The settlements in August came about three months after another significant agreement involving
. The most groundbreaking provision of that settlement allows shareholders with more than 1% of outstanding shares to nominate candidates for two new independent director positions.
Among the first securities cases to include corporate-governance provisions in a settlement was the historic
suit at the end of 1999, according to McGurn of ISS. In the largest monetary settlement in history, at $2.83 billion, Cendant agreed to get shareholder approval before repricing stock options, ensure that the majority of its board would be independent within two years of final approval of the settlement, and ensure that the board's audit, compensation and nominating committees will be composed of only independent directors.
Such provisions have picked up in popularity in the past couple of years, largely as fallout from the rash of corporate scandals at companies such as Enron and
It's a "post-Enron situation where people are keenly attuned to the idea that corporate abuse is only going to be stemmed by this type of corporate governance," says Bruce Simon, an attorney with the Burlingame, Calif.-based firm Cotchett Pitre Simon & McCarthy, who represented California State Teachers' Retirement System in its suit against Homestore.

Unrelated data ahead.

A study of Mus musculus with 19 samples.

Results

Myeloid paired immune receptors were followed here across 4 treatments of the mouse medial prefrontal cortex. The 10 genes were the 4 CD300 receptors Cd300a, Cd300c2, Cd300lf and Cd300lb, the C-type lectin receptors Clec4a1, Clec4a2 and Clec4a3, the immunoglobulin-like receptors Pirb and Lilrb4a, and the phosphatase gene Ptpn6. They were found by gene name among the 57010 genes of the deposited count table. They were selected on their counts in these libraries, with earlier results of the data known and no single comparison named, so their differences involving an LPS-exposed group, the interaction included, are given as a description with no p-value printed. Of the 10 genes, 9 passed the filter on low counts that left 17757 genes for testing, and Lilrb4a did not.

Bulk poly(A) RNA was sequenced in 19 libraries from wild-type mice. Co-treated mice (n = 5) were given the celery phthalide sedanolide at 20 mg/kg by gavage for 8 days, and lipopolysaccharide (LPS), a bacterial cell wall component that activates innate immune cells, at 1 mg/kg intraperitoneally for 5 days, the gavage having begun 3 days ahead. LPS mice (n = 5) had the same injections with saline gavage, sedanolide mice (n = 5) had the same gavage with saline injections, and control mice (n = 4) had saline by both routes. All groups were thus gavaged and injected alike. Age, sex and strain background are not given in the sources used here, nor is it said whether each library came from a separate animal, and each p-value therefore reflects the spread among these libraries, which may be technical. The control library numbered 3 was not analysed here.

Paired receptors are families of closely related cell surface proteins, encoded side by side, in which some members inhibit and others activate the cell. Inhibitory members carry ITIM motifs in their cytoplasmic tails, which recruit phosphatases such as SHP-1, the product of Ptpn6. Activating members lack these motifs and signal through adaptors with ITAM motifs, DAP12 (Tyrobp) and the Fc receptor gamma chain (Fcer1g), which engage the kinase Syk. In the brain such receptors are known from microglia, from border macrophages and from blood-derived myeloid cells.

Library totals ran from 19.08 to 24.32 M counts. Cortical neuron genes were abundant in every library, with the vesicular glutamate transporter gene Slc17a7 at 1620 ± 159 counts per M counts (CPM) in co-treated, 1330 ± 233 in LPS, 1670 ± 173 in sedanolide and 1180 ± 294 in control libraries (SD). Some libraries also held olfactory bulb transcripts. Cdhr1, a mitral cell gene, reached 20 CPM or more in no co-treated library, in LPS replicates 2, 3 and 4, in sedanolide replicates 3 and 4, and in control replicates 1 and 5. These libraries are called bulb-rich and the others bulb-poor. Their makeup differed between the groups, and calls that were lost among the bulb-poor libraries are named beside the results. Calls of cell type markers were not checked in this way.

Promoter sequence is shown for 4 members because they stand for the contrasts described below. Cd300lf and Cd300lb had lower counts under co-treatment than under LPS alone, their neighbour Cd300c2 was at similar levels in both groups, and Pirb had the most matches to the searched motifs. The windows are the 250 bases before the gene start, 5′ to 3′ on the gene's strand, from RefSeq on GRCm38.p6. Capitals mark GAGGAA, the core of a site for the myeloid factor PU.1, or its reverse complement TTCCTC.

Few shareholder suits go to trial; the vast majority are settled first. But it may appear that more are settling recently simply because more were filed in the period after the dot-com and stock market bust in March 2000 and subsequent rash of corporate scandals. Most shareholder suits settle after 2 1/2 years, experts say.
That said, a lawsuit is usually not the first choice -- but rather the last resort --for institutional shareholders to win changes in corporate governance.
"You'd rather be reaching these things through dialogue and the board of directors," said ISS' McGurn.
But he noted that in Siebel's case, the company took an adversarial stance when it faced shareholder measures on expensing stock options and tying executive compensation to performance at its annual meeting in June. (A majority of shareholders voted down the measures.)
"Frankly, it shows these people pick up a lot of interest in reform when a lawsuit is involved," McGurn said. "To me that's a little bit sad. You'd like to see companies and boards doing governance reform because they believe it's the right thing to do."